EU Parliament's Buildings So Confusing They Make People Cry

Politicians complain they're often late to meetings due to disorienting layouts
By Jenn Gidman,  Newser Staff
Posted Dec 30, 2014 1:19 PM CST
EU Parliament's Buildings So Confusing They Make People Cry
People walk the stairs of the European Parliament building in Brussels on Nov. 17, 2014. The European Parliament has three places of work: Brussels, the city of Luxembourg, and Strasbourg in France.   (AP Photo/Yves Logghe)

Hidden elevators, spiral staircases that twist into each other, and clocks throughout the building that are usually a few minutes off: It sounds like some nightmarish MC Escher-Lewis Carroll architectural collaboration, but for members of the European Parliament, it's just a hellish day at work. EU politicians are complaining that the Parliament's various buildings—notably, its headquarters in Strasbourg, France, and its Brussels building—are exercises in frustration, with complicated layouts that often make them late to meetings and unable to find their own offices, the Wall Street Journal reports. "I was about to start crying, because you have a hundred appointments," a German member of Parliament tells the Journal, relaying how he recently got lost at headquarters and had to call his assistants to describe the wall colors in hopes they could find him. "It was like I was 5 and got lost at the swimming pool."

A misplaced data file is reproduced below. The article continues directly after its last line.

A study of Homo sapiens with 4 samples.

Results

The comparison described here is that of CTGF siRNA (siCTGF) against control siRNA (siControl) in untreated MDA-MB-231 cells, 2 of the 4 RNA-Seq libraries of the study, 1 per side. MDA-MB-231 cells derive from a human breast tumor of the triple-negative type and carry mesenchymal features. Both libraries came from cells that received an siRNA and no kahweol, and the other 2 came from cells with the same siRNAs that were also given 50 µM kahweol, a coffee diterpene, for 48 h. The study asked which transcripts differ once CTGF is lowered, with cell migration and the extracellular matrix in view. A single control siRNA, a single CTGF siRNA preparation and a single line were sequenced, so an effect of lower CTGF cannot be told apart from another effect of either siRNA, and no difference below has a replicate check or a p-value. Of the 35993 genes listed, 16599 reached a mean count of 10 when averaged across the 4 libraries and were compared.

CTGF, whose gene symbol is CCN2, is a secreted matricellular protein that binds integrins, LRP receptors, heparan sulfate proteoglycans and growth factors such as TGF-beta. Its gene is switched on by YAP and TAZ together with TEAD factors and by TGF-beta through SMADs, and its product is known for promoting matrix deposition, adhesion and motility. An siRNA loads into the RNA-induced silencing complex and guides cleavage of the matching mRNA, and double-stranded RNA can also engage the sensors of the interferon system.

No one can claim false advertising from Architecture-Studio, which designed Strasbourg's HQ: "Our buildings offer themselves ... as 'mysteries,' or stories for which we provide 'keys' and signs so that they are deciphered," the company's website reads. The Brussels building is similarly perplexing, boasting sections named after obscure dignitaries, missing room labels, a Floor 5-1/2 (which you can only access by a hard-to-find elevator), and analog clocks that don't tell time accurately. "Sometimes you’re on the way to a meeting and you're twice late and twice early," a German parliamentary VP tells the Journal. He's asked for radio-controlled clocks for three years, but it doesn't look hopeful: "One directorate-general will say yes, but then the other, who is actually in charge, says there's no money," he laments. (Parliament members did find their way to the vote to break up Google.)